UK finance teams scramble for talent as the need for digital skills becomes intrinsically linked to growth prospects

UK finance teams flex focus towards digital skills as labour market competition heats up

Finance teams in the UK are restructuring or changing their operating model to meet the current demands placed on this new, evolved function, new research revealed today (29 March).

A new research paper[1], published by American Express, looks at how finance leaders are redefining their role in the face of economic uncertainty.

While 88% of UK finance leaders said they are confident about their business; performance and prospects over the next 12 months, 74% agreed it was getting harder to find and recruit talent into the finance function.

This is likely due to the evolving skill set now required of professionals looking to enter corporate finance. Over the past decade, the finance function has become increasingly digitised.

American Express’ survey revealed 80% of respondents believe automation and new technology are reducing the burden of administrative tasks once undertaken by the finance function.

While there have been concerns a greater use of technology will reduce headcount within finance functions, American Express’ findings show 55% of corporates expect to increase the headcount of the finance function in the next 2-5 years.

“While I do believe there is an inclination to want to reduce headcount with these tools, what I advocate for is up-skilling our finance teams to provide more mindful value-added work by letting software automate the repetitive and monotonous functions,” says Glenn Hopper, former CFO of Sandline.

Instead of reducing team size, senior finance leaders are looking to recruit a new cohort of financial professionals; one with skill sets that are ‘future-proof’.

“With calls from finance leaders for greater digital and analytical skills to interpret and act on organisational data, it’s clear that the finance function is evolving in response to new challenges,” says Stacey Sterbenz, general manager of UK Commercial at American Express.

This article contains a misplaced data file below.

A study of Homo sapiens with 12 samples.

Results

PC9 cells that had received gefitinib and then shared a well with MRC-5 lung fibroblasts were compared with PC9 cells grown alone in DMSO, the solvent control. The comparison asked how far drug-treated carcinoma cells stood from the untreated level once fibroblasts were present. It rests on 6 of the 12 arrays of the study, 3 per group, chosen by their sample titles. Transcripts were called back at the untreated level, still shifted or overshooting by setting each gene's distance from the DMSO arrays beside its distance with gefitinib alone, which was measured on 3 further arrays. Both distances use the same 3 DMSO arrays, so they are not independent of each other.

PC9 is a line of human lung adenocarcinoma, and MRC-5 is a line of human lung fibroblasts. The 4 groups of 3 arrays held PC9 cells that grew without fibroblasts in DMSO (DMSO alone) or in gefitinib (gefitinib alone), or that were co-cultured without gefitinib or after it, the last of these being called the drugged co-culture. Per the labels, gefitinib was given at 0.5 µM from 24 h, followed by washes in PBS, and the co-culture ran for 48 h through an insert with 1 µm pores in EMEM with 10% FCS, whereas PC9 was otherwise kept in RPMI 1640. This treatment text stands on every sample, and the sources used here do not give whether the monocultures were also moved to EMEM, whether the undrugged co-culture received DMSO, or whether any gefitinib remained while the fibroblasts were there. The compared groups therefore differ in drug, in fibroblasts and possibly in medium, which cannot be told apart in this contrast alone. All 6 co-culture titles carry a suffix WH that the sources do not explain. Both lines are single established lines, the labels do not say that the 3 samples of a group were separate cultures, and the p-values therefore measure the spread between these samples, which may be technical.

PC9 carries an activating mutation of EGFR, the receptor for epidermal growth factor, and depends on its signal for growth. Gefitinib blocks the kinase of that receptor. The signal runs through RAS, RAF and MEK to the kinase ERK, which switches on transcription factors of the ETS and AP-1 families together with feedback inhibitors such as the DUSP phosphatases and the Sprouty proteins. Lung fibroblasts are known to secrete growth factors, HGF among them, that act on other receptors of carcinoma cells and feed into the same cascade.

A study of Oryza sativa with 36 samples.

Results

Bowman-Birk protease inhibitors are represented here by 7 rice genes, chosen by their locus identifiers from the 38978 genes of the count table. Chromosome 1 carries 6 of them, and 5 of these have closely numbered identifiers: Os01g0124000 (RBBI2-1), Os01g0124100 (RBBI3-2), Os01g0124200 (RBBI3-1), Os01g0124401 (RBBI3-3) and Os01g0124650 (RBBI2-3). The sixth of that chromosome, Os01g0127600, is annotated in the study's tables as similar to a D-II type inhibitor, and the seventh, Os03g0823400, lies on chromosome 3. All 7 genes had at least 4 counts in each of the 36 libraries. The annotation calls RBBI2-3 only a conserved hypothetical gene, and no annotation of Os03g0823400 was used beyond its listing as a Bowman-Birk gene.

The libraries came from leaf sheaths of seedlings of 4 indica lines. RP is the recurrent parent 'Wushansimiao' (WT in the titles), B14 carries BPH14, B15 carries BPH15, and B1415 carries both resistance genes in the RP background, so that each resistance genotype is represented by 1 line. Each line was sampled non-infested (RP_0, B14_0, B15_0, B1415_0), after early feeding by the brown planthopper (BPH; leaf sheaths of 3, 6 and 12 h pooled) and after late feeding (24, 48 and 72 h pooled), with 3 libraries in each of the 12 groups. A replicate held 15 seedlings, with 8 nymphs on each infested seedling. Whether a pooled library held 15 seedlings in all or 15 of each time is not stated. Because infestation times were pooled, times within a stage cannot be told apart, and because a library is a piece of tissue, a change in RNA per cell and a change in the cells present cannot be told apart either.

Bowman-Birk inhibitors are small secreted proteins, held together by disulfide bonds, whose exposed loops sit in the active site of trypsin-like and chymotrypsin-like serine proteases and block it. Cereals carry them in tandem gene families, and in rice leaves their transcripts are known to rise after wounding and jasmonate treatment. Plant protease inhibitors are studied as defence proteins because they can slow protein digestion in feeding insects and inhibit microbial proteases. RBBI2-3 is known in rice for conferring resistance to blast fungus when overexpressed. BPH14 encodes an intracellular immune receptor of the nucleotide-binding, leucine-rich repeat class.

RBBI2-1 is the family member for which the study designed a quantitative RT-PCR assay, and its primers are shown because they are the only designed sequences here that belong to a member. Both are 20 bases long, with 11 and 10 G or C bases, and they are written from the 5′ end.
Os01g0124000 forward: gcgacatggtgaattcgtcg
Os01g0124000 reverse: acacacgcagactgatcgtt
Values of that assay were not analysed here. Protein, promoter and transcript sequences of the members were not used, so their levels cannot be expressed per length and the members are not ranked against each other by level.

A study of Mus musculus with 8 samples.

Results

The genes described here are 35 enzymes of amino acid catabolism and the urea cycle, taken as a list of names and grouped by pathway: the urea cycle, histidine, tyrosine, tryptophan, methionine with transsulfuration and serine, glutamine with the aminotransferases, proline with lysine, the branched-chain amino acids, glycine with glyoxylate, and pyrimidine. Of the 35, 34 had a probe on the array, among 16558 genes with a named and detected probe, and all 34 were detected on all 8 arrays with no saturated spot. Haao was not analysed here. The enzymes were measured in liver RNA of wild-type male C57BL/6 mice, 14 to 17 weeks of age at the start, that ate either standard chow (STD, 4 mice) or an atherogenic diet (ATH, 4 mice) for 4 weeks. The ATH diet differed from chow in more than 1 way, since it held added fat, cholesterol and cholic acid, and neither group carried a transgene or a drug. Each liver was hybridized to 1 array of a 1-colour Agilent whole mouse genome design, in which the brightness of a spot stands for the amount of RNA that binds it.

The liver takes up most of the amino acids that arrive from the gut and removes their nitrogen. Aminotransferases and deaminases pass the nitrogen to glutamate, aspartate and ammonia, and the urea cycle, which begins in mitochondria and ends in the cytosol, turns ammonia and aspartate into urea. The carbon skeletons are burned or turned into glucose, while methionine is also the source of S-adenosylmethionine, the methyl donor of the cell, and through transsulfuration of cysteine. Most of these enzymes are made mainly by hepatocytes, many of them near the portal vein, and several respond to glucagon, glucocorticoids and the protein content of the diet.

When asked what skills, if any, will become more important over the next 2-5 years, over half (56%) said data analytics or tech skills, while 36% said strategy development skills. Just 35% cited traditional finance, accounting, or treasury skills.

A further third (33%) of respondents agreed that better digital skills are key to improving the running of the finance function.

“As a result, the importance of having the right business partners in place has never been greater; those who can make sense of complex data and how it relates to a changing and complex external landscape will be better positioned for ongoing success,” Sterbenz says.

Skills are the key to success

Finance teams are highly accustomed to flexing their focus to suit the times and supporting where their business needs it most. To support this agility, robust data and insights that offer a clear view over the horizon are needed to drive faster and more effective decision-making.

To obtain these insights, the survey found that a majority (85%) of respondents believe more accurate forecasting is critical to success; almost two-fifths (38%) cited this as the activity which takes up most of their time and resource.

‘Reporting and control’ was ranked the second most time-consuming activity (36%), followed by strategic planning and financial analysis (34%).

Taking these factors into consideration, over 80% of respondents said access to better quality data was vital to bolstering their finance function’s organisational impact.

“Finance teams are well-practised at adding value to their businesses -it’s in their DNA. But what’s clear is that opportunities remain to make efficiency gains, with signs that their full potential is being held back by less strategic transactional activity,” Sterbenz says.

“Higher quality data, and the insights it can provide, will help finance teams become more strategic and flexible as they respond to a rapidly changing world.”

The finance function is becoming even more data-driven than it is today, with this increased focus on data reflected in skills sought for new hires.

However, today’s finance teams need keen data and analytical skills, as well as a strong foundation of people skills and a collaborative nature if they are going to achieve growth in the years ahead.

[1] This research is based on a survey of 250 senior financial decision-makers, in companies of 250+ people conducted between December 2022 and January 2023. Turnover represented by respondents’ businesses varied from £5m per year to more than £500m.